The green Saudi Arabia, planting the seeds of hope for neighbors and citizens

Mashari Althaydi

In his speech at the large event, the Crown Prince said: “We, in the Middle East, are fully aware that there is a challenge and that there are great opportunities for our countries, so we are holding a summit today with clear goals for our countries, and we will work seriously” to achieve them.


We are standing before a project that encompasses major initiatives relating to the creation of a sustainable and pure developmental, human-centered environment. The quality of the environment and the launch of a green revolution that eradicates darkness and drought in all their senses are but the grand headline of this major project, which envisions a lively, interactive, inspiring, effective Middle East, instead of a battleground for actions and counteractions.

While the Kingdom leads this lively project fueled by renewable human energy, we find groups, entities, and states in the Middle East investing in projects of destruction, chaos, and drought in every sense of the word.

Let us look at the impact of one of these destructive projects, the Iranian Revolutionary Guard Corps and Wilayat al-Faqih’s project targeting water in Iraq of all places. Iraq, the Mesopotamian land that lies between the Tigris and Euphrates rivers, where Basra and Samawah suffer today of many a water crisis.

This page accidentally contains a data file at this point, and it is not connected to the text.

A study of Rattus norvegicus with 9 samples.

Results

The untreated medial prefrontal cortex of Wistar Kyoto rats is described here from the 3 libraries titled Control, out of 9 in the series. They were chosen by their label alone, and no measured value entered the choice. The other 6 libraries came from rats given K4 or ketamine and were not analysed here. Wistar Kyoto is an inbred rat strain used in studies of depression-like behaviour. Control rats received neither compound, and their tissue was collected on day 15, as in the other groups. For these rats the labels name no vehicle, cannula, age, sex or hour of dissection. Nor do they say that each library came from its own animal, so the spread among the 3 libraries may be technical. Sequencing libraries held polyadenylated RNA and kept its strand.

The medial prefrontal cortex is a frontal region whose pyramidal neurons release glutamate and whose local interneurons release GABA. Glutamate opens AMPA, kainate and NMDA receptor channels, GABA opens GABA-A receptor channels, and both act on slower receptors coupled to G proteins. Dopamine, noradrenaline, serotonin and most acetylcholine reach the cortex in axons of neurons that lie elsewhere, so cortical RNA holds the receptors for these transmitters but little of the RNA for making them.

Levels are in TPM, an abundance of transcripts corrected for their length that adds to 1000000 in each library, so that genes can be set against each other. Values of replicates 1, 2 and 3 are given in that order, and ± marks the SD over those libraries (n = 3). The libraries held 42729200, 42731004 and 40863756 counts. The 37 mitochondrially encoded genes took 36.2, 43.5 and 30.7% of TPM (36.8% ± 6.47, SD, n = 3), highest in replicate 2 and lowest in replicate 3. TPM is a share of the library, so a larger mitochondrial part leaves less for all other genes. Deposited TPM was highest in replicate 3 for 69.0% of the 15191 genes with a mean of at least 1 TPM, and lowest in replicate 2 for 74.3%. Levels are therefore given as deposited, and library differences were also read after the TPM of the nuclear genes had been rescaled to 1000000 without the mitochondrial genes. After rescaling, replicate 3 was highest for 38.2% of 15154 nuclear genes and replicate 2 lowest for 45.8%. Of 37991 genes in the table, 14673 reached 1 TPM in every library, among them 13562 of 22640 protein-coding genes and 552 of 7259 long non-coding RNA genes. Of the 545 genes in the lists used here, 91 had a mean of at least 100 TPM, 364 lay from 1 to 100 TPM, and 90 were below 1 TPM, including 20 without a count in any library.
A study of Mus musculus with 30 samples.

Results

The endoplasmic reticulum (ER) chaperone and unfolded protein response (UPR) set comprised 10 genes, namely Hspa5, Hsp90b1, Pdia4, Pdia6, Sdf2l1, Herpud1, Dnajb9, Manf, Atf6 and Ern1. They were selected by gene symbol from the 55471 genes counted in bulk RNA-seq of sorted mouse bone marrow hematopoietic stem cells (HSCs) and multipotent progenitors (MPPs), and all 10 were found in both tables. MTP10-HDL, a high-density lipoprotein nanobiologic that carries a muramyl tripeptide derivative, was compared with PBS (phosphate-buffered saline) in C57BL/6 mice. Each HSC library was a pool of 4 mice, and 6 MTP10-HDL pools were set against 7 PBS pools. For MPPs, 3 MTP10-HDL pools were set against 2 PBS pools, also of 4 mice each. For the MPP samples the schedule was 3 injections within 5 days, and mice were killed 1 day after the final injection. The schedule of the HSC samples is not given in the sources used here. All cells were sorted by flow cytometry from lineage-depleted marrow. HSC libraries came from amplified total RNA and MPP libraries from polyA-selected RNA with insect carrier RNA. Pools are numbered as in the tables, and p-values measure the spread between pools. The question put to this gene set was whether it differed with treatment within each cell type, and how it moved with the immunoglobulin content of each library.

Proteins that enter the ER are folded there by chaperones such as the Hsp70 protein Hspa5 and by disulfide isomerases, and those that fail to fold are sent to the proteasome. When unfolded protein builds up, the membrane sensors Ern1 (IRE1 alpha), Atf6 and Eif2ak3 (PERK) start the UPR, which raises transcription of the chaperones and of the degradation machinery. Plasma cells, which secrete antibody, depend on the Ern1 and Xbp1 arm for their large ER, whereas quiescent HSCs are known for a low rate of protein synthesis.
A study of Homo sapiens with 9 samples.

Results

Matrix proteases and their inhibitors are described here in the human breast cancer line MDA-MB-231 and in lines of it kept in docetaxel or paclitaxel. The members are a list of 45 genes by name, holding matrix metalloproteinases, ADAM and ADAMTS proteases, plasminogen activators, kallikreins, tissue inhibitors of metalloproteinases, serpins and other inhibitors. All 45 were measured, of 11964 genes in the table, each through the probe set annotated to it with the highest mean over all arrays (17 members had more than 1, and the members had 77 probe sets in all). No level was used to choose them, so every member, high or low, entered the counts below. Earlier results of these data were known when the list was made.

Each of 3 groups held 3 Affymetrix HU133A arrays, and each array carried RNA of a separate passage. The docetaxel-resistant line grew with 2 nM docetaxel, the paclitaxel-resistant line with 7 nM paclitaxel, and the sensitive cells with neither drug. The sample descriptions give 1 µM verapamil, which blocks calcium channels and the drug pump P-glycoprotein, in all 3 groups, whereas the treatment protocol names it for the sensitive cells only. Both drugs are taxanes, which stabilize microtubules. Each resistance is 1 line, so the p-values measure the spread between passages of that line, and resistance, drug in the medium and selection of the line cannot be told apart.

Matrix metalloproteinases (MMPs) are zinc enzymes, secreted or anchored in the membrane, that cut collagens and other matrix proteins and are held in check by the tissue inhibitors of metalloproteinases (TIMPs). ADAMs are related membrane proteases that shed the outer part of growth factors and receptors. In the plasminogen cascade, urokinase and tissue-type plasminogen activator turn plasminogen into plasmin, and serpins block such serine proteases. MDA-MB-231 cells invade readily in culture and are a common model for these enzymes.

In Yemen as well, there are water, food, and energy crises. In Lebanon, the only Arab country with no desert and plenty of forests, rivers, hills, and snowy mountains peaks, is hungry, thirsty, and scared today, only because the dominating power in the country is Iran.

The Kingdom was often ostracized by some ignorant people for being the country of camels and sand dunes, which is not only a naïve and unscientific portrayal, but also a vulgar, immoral, prejudiced one. Yet here it is today planting the seeds of hope in this debilitated Middle East and opening the doors of hope to let the floods of purity and light wash over the drained and wearied people of the region.

All of this would not have been possible without the Kingdom’s wise leadership and the state’s determination to move forward and disregard the words of disappointment, misery, gossip, and hypocrisy.

Saudi Arabia’s eyes are turned toward the bright horizon, and there is no time nor intention to look back. That would be troublesome and futile. There is no time in Saudi Arabia today for competitions for lost opportunities.

The Saudi vision is indeed inspiring. It’s a vision that represents, in the words of the UAE Ambassador to Riyadh Nahyan bin Saif Al Nahyan, “the true embodiment of what we call today ‘investing in humanity,’ as this vision in its entirety goes beyond oil and funds and uses them instead to achieve a better life for man.”

This article was originally published in, and translated from, pan-Arab daily Asharq al-Awsat.

Read more:

Saudi Arabia: A partner in development and in tackling challenges

The Riyadh summits and the Green Middle East

Iranian influence and the green Middle East

Disclaimer: Views expressed by writers in this section are their own and do not reflect Al Arabiya English's point-of-view.